The occult equivalent of the Golden Book of Chemistry might just be How to Make Magic, a 1974 book that showed kids how to perform a little stage magic, and oh SUMMON THE DEVIL HIMSELF. Thankfully, this classic tome has been rescued from obscurity by @Cavalorn, who has posted scans of the book to his blog, with commentary.

The book seems to begin innocuously enough, with some neat little ‘stage magic’ tricks to mystify your friends and family with. Although, like the Golden Book of Chemistry, the book is happy enough to recommend a child go and purchase some volatile chemicals. As Cavalorn reminisces: “Oh for the lost days of our youth when a small boy could come skipping out of a chemist’s shop with a manual of witchcraft in one hand and a bag of bomb ingredients in the other.”

But really, what could go wrong with some of the juvenile stage magic tricks in the book, as long as there are clear directions to ensure the safety of the child? I mean, really?*

Oral candling

(* Full disclosure: I once did the ‘pencil up the nose, out the mouth’ magic trick in front of a 12-year-old. Minutes later they staggered out of their room screaming with blood pouring from their nose)

But of course, these were different times, when we didn’t fixate on little details that might be harmful, given the unlikely scenario of a bunch of unfortunate circumstances combining. So let’s not castigate the authors for well-meaning passages that….wait, what’s this?

Witches used to make wax or wooden dolls of their enemies and stick pins in as a spell to hurt them. Has your teacher, or a friend, made you a little angry lately? Here’s what a witch with a sense of humour might do.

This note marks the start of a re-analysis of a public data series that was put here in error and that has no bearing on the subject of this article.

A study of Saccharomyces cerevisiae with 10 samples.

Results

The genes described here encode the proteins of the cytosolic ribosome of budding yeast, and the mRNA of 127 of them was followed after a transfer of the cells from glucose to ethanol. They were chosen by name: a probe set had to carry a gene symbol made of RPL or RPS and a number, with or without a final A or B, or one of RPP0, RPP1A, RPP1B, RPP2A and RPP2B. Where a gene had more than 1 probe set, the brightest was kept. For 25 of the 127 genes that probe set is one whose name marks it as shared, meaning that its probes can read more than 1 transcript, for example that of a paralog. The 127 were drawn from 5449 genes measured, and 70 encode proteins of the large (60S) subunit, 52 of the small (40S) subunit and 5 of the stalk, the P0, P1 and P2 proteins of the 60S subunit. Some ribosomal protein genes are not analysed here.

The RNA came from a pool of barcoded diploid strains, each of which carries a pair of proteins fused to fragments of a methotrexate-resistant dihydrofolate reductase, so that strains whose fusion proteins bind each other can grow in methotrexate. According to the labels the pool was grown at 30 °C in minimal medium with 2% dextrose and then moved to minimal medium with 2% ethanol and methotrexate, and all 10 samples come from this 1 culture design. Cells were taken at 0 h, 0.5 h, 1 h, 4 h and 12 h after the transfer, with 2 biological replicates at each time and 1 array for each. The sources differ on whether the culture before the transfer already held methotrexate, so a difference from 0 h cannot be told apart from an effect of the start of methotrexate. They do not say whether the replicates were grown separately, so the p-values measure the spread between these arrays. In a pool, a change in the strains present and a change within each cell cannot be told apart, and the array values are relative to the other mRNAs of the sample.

Voodoo for kids

That’s right, a magic book for kids recommended making a voodoo doll if friends or teachers had “made you a little angry”. We’ve obviously left the stage magic section well behind now, although I shudder to think what the recommendation is for anyone that’s made you really angry…

Head on over to Cavalorn’s blog for plenty more occult tuition for juniors, including such gems as:

  • “Ask your parents if you can bewitch a corner of your garden at home. The centre piece should really be a tree around which you should plant a circle of white flowers – snowdrops or daisies, perhaps – in honour of the moon goddess”
  • “Of course, this is no ordinary cat but a ‘familiar’ sent by the Devil himself to lend a helping hand”
  • “Be careful not to put the pentagrams upside down because they look a bit like the Devil with his horns and you don’t want him turning up”

That last pearl of wisdom comes from the spread in which young children are taught to construct a circle to conduct ritual magick in. I would totally have made this book my personal bible if I had ever come across it in my own youth.

I mean, seriously…DIY Ouija craft!

Craft Ouija

Link: ‘How to Make Magic’ from 1974. A children’s handbook of the occult. No, really.